Brain behind a Psychological Safety Net

Psychological Safety for Creative Minds

By James Razko

Research shows that psychological safety in the workplace is essential to foster creativity, learning, and innovation. For this reason, mega innovators like Google, make sure their high performing teams have what is known as a psychological safety net. And, Regardless if you work in a group, you should have one too.

What is a Psychological Safety Net (PSN)?

A psychological safety net is a work environment where team members feel accepted, respected, and confident to take interpersonal risks, without fear of damaging their career or status. 

Who needs a psychological safety net? 

While these safety nets are usually thought of with teams in mind, you can and should adopt the practice and science for yourself, especially if your work requires innovation and creativity.

If you work alone or even if you work on a team, you also need to make sure you feel psychologically safe to ensure you are taking risks. Without personal risk-taking, countless ideas will never leave the ground for fear of falling. As Seth Godin put it “If failure is not an option, then neither is success.” So yes! You need a personal psychological safety net or PPSN

Here’s why everyone needs a PPSN

If you work alone or you are in a healthy work environment, the only person holding you back is your self, or more accurately, your negative self-talk. This kind of self-talk is getting in the way of your subconscious ideas. 

To appreciate how negative self-talk is holding you back, imagine yourself as two beings: your conscious self and non-conscious self. Your conscious self is your thinking voice or what you think of as you. And, your non-conscious self kindly works in the background doing almost everything necessary, including keeping you alive, generating new ideas and jumping away from snakes.

Your CEO Self

As it happens, your conscious self is like the CEO of a large company, who despite the thousands of workers who actually run the company often believes he or she is directing the entire show. But in reality, the CEO couldn’t accomplish anything without the workers. Likewise, you wouldn’t get very far without your non-conscious mind.

In a similar fashion, your conscious self, like a bad CEO can be an egotistical and abusive jerk. For example, when a subpar idea surfaces from your non-conscious (worker) mind, your CEO self will often retort— “idiot,” or perhaps even scream “get out of my office.’’ And, that’s not very nice. It also doesn’t make you non-conscious (worker) self very excited to swing by and offer new and risky ideas.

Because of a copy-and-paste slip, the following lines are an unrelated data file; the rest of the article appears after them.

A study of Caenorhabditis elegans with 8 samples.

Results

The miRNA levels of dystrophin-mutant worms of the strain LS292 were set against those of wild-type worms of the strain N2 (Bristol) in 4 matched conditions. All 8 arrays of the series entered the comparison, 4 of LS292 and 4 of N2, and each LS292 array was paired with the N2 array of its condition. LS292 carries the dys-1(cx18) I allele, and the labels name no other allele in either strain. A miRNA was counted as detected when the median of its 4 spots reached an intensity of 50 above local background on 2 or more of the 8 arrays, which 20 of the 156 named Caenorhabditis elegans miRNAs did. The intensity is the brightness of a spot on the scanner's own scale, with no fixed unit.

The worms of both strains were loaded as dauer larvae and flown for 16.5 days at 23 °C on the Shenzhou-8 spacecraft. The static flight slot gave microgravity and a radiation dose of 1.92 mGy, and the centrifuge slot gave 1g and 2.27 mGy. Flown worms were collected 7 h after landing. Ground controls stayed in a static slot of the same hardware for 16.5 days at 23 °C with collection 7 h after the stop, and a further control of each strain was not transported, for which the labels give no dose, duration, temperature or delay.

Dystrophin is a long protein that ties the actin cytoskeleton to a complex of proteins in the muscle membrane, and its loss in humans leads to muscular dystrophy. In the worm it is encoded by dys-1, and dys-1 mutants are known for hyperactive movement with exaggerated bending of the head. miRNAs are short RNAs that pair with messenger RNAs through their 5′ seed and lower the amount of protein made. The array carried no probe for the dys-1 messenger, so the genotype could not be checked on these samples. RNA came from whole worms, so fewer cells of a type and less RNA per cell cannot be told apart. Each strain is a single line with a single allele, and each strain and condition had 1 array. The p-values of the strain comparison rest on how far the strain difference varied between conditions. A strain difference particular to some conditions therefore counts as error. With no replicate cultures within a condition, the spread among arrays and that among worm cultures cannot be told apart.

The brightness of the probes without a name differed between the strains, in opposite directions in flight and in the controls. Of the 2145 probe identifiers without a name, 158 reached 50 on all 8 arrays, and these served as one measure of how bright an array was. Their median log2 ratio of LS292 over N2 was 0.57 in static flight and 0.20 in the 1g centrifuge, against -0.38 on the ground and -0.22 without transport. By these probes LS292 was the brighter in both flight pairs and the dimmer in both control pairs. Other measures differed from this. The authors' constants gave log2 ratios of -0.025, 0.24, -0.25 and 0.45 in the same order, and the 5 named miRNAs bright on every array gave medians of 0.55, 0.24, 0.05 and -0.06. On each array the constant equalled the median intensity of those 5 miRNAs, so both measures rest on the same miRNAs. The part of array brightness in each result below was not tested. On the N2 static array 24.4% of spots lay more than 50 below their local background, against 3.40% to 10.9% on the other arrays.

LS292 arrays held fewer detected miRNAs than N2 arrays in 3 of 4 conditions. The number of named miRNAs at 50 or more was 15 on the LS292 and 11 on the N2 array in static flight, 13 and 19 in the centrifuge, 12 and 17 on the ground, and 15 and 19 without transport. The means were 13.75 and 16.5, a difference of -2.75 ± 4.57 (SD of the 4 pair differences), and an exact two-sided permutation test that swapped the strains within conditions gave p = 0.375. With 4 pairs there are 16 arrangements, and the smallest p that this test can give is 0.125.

Considering you can not fire your subconscious, it’s best to play nice. 

This kind of negative self-talk is teaching your subconscious to be quiet, and considering every idea you’ve ever had came from this vital well, its a practice you need to stop right now.

Every time you call your self a bad name, your sending a signal to your subconscious to stop thinking up new ideas, and this is bad for business.

Be Nice

Instead of calling yourself negative names, get in the habit of saying something reinforcing like “good try old buddy” or “what ya got next?”. Stopping negative self-talk is one way to develop a personal psychological safety net.

The nicer you are to your non-conscious self the more likely it will be to take risks, and as we know risk equals reward. 

The More the Merrier

The more bad ideas your non-conscious mind has, the more likely you will be to strike gold. Every great inventor knows this. For example, Thomas Edison tried to 1,000 different designs before he finally invented the light bulb. If he had called himself negative names after every failure, he might have lived by candlelight for his entire life. 

To stop negative self-talk, be more like Thomas Edison, and reframe failure and risk. For example when a reporter asked Edison, 

“How did it feel to fail 1,000 times?” Edison countered,

I didn’t fail 1,000 times. The light bulb was an invention with 1,000 steps.

As they say “Those that reframe, obtain.” And yes, that is made up—by my worker self.


Provide yourself with a psychological safety net by stopping negative self-talk and reframing risk. Do this, and you will reap the rewards of a psychologically secure and ultimately more creative mind. Grab a PPSN now.